Make a summer internship's final days pay off: The Intern Queen's 8 tips

Lauren Berger is known for completing 15 internships in four years. Now she's turned her experience into her own business. As the Intern Queen, she helps interns find success.

With the start of school comes the end of summer internships for thousands of students across the country and abroad. Before you head back to campus, here are a few things that you MUST do in order to ensure that you capitalize on your internship experience.
  • Make a list of everyone that you've met at the company during the internship. Include your fellow interns on this list. Through Google Docs or Excel, make a spreadsheet to keep important contact information organized. Make sure you save this file on your computer and have it backed up.
  • Decide how you will organize your contacts as a professional. One day, you won't be communicating through your school email address. What is your plan? Gmail? Outlook? Decide how you will store your contacts and start storing them today. Make sure that while you are at the company you get the email address, mailing address and office number for all of the people on your list.

  • Remember your fellow interns as very important contacts for the future. These are your future colleagues. Make sure you are connected with them on Facebook, Twitter, LinkedIn and that you have their contact information -- know where they go to school and where they are from. If you happen to be in the same city, make sure you get together with them. Often times, these people can be your best contacts for the future.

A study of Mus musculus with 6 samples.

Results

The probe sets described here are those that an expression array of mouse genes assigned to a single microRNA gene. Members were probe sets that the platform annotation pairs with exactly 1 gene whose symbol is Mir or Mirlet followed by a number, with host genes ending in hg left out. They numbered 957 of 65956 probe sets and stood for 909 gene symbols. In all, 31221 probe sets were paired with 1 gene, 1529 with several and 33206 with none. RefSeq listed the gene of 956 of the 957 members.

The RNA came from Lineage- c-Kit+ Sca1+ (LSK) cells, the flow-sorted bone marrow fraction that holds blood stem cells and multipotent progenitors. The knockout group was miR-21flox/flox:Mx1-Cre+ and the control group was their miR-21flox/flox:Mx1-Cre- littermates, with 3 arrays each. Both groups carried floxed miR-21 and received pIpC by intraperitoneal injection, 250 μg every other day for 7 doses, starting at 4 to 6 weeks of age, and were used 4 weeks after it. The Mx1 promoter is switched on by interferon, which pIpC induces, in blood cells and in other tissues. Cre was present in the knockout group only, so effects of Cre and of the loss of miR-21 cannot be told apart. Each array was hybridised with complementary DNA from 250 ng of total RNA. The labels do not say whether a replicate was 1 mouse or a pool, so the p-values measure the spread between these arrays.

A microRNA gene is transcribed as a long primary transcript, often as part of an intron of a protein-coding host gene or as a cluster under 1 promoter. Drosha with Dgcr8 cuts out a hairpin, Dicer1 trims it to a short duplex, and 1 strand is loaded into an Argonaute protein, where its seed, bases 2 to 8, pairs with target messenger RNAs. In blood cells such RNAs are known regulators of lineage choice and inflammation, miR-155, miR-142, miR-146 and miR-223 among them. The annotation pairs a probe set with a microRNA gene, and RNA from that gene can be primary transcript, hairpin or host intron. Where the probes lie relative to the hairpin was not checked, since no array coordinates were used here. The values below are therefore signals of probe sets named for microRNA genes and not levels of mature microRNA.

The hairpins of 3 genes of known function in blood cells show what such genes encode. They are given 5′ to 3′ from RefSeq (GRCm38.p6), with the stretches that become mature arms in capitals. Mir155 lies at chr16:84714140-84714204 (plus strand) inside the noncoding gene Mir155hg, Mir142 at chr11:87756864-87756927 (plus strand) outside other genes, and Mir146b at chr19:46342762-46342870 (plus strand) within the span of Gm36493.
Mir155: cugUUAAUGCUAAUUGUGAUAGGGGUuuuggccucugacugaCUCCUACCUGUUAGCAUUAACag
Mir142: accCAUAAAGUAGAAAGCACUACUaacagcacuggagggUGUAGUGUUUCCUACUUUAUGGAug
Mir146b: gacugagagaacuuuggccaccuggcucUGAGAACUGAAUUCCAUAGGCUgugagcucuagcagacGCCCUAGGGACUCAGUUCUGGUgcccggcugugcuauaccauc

• Plan a "Last Day of Internship" social activity for your graduating intern class. Think of a "Rated G" event that you can all do together. Perhaps a potluck, bowling outing, baseball game or something that everyone – even those under 21 – can participate in and still have fun.

  • Take it on yourself to create a contact list of everyone's information from your intern class and pass it out to everyone.
  • Invest in personal stationary or thank you cards at the store, and start writing out notes to all of your professional contacts at the internship. Mail these on the last day of your internship so they receive them only a few days later. Don't hand these out, put them in the mail.
  • Make a note in your calendar for three to four months from the last day of your internship. That's the next time you should contact your professional contacts. Reach out to these people every three to four months. Make this a habit; if you wait to long to reach out again, you run the risk of having to remind them of who you are. But keep in contact consistently and they'll be more likely to remember.
  • Ask your direct boss (internship coordinator) if he/she has time to sit down with you for five or 10 minutes before your last day. Tell them about your career path and get advice on how they got started. Make sure you always say thank you and that you appreciate any time they might have.
For more internship advice and tips, follow the Intern Queen on Twitter.